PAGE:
Monday, September 8, 2014

My First Time: Carla Panciera

My First Time is a regular feature in which writers talk about virgin experiences in their writing and publishing careers, ranging from their first rejection to the moment of holding their first published book in their hands.  Today’s guest is Carla Panciera, author of the short story collection Bewildered which received AWP’s Grace Paley Prize for Short Fiction and will be available from the University of Massachusetts Press in October.  She is also the author of two collections of poetry: One of the Cimalores (Cider Press) and No Day, No Dusk, No Love (Bordighera).  She has published fiction, memoir, and poetry in several journals including The New England Review, Nimrod, The Chattahoochee Review, and Carolina Quarterly.  She and her husband, Dennis Donoghue, live in Rowley, MA, with their three daughters.  Carla teaches high school English.

My Book’s First Public Appearance

The books arrived on a September day saturated with light and sun.  I feel it now–the heat of that moment, the blood rushing to my fingertips as I ran them along a spine with my name on it.  I pored over the ISBN, the copyright, all the things that made me feel not myself, but someone greater!  Someone for whom one slice of shelf space in a library might be reserved!  I picked up several copies, stunned by their miraculous uniformity, before I finally flipped to the poems themselves and thought: Oh god.  What have I done?  In my excitement to finally have a book published, I had forgotten that people–especially people I knew–would, for the first time, actually read it.

The next day, as I walked my dog, my neighbor pulled up beside me.  “I’m loving the book!” she said.  Before I could thank her, she added: “It’s so revealing!” and sped off.

At a signing, a woman told me her husband refused to come.  “He was mad at you for a while,” she said.  “He’s over it now.  That Oak Street Cowboys poem?  That was his father who was shot.”  I had retold my own father’s story about an argument that erupted over whose homemade wine was better; the dead man was a “ghost sitting on the front steps,/in a t-shirt and workpants, the shoes he’d crossed the ocean in.”

An ex-boyfriend’s mother bought a copy and sent me a lovely card that thrilled me until I remembered the Block Island poem in which her son figures prominently.  She would recognize “the scar/below his navel, a cool bowl/you leave your thumbprint in.”  Maybe she had forgotten that trip.  Maybe she thought the beach sex was made up.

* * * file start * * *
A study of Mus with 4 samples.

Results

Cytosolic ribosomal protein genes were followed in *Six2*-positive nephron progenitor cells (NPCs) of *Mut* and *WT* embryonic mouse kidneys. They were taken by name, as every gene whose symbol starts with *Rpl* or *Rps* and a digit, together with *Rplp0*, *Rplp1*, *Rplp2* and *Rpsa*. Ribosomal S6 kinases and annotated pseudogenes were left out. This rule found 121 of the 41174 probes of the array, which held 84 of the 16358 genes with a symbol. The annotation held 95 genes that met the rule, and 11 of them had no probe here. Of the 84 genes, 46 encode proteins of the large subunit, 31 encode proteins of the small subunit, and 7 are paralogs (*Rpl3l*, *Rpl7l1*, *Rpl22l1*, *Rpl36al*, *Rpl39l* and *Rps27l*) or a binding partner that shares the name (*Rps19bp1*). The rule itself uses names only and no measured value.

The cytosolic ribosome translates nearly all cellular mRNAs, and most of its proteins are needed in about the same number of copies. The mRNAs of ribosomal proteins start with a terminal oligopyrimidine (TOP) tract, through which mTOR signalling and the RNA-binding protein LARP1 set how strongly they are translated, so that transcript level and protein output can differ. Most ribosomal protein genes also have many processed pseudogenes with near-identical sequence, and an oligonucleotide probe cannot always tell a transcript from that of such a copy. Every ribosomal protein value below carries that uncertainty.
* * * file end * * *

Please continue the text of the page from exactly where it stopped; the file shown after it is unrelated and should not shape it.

I had not changed the name of another old boyfriend, a name that happened to belong to exactly one person in my hometown for the twenty I’d lived there.  The poem itself chronicled part of another relationship, part of a fictional scene, but who would know that?  Oh well, I thought, it’s only about having a crush.  How harmful can that be?  Then, one night, after he had put his colicky twins to bed and drunk some bourbon, my nephew called me.  “I really like your poems, ” he said.  “But I have two questions: #1 – did you really have your first experience with Cameron B –? and (from a poem derived from a friend’s description of her anti-depressants) #2 do you have an addiction to prescription painkillers?  You can tell me,” he said.  “It won’t change how I feel about you.”

When I recounted these interactions to one of my writer friends and confessed my fear of appearing in public to read from this surprising tell-all, my friend said, “Poetry isn’t memoir.  It isn’t history.”

When I had a similar conversation with my mother, she said: “You’re missing the point.  People are actually reading the book.”

Of all the fantasies I’d entertained about the publication of my first book, the one scenario I had not envisioned turned out to be the best part of all: I got to talk to people about poetry, not just my own poems, but poetry itself.  I am grateful for those moments that moved me toward a more complete understanding of what poetry is and what it definitely is not.

I also learned that, for me at least, there is some responsibility I hadn’t previously considered.  Scribbling in my notebooks while the rest of the world slept, sending my work to small and lovely literary magazines that no one in my real world read, I had not applied to my own work what I have always known to be true: words have power.  Meaning is not inherent in the page but discovered by the reader.

Whenever I forget those lessons and begin, again, to obsess about the place my book might secure in some library a hundred years from now, I remind myself of one scene that occurred at a family gathering several months after the book came out.  Distrusting my explanation of my poem “The Crush,” my nephew stood up and read it according to his own interpretation.  He wiggled his eyebrows and winked, mastered the let’s-get-it-on tone he insisted was present.  Okay, so I can never read that poem aloud again to an audience, but my mother was right: he had read the poem and I loved what he made of it.